The world would be an ideal place to inhabit if everyone were the same. But they aren’t. That’s why our sacred authors frequently have to deal with those “others:” individuals who don’t fit the mold in which we were either created or later became. How are we to relate to people who don’t share our ethnic or cultural background or even our beliefs?
Our biblical prophets often have to deal with the fact that most people on this planet aren’t Jews. If God only entered into the Sinai covenant with Israelites, does that mean Yahweh has nothing to do with Gentiles? Are they totally “on their own?” Do they have to depend solely on their own gods and goddesses? Most pre-exilic prophets presume that’s the case. But such an easy to understand theological opinion goes out the biblical window once Deutero-Isaiah insists on strict monotheism in the 6th century BCE. After the Babylonian Exile Jews are forced to presume Yahweh’s everyone’s God.
Third-Isaiah, the author of today’s first reading, deals with that new insight. Active in the first part of the 5th century BCE, this prophet is not only encouraging those Jews still in Babylon to return to the Promised Land and rebuild Jerusalem and its temple, he’s also insisting they look at that task through new eyes. Yahweh’s now inviting non-Jews to be part of a covenant originally entered into with only Jews. “The foreigners who join themselves to Yahweh . . . and hold to my covenant, them will I bring to my holy mountain and make joyful in my house of prayer: . . . for my house shall be called a house of prayer for all peoples.” Many in the prophet’s audience probably went home muttering, “There goes the neighborhood.”
Matthew’s Jewish/Christian community faced a similar problem: the entry of Gentiles into the church as Gentiles. These non-Jewish converts weren’t being burdened with the 613 Laws of Moses which all Jewish/Christians were committed to keep. What were these Johnnies-come-lately actually obligated to do? Today’s pericope supplies one answer: simply have faith in Jesus.
A Canaanite woman in first century CE Palestine would parallel a Palestinian in 21st century Israel; not the most welcome individual in that particular place. Canaanites are the remnant of the people the Israelites conquered when they invaded Canaan eleven centuries before. Though Matthew “waters down” the narrative he copies from Mark, his Jesus still implicitly calls the woman by a title many of his fellow Jews employed for such undesirables: a dog.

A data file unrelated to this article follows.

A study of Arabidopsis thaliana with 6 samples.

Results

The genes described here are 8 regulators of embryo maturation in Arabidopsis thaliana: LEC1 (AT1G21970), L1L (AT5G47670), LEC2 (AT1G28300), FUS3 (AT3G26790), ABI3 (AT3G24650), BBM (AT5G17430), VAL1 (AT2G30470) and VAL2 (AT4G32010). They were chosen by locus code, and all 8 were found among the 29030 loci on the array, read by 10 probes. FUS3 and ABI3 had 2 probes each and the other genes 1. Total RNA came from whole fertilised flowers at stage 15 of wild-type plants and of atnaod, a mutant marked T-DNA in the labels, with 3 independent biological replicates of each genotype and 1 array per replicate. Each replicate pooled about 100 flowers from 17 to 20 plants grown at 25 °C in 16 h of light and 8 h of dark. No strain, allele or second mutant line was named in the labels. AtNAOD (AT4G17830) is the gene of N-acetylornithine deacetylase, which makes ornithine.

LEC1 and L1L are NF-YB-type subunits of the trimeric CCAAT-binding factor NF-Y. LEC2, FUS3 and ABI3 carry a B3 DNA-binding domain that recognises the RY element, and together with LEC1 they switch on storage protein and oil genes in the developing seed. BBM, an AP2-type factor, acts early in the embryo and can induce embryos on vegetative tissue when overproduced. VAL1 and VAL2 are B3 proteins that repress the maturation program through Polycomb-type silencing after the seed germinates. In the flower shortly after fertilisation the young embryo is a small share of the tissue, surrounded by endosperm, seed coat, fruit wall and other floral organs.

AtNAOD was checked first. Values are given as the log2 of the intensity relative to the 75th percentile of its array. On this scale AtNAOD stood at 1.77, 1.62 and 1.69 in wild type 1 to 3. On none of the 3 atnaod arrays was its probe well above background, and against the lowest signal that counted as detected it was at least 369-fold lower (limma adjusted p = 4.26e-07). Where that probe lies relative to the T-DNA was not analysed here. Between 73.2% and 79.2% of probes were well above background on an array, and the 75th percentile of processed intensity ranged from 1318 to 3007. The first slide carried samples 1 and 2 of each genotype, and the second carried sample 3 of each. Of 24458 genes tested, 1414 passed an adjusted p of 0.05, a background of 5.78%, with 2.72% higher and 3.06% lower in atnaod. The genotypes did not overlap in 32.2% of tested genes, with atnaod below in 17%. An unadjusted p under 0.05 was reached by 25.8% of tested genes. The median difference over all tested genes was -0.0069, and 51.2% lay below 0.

Unlike Mark, Matthew turns the encounter into a test of faith. The line we always remember is the last thing Jesus says: “O woman, great is your faith! Let it be done for you as you wish.” Though Gentile/Christians don’t have to worry about eating pork, keeping the Sabbath, or being circumcised, they’re still expected to have the same faith in the risen Jesus present and working in their lives as Jewish/Christians have; the one essential for all other Christs.
It seems Jesus’ earliest followers hadn’t written off evangelizing Gentiles. They simply planned to first convert all their fellow Jews, then begin missions to non-Jews. Paul, seeing such a plan wasn’t working, came up with a different one. As we hear in today’s Romans passage, he was convinced that by bringing Gentiles to the faith first, their fulfilled and loving lives would make Jews so jealous they’d be crazy not to become Christians.
Of course, that plan didn’t work either. The Apostle couldn’t have foreseen how many Gentile/Christians would eventually integrate anti-Jewish practices into their faith. Considering the Inquisition and Holocaust, no wonder Jewish converts are so rare. Whatever happened to Third-Isaiah’s “house of prayer for all peoples” dream?”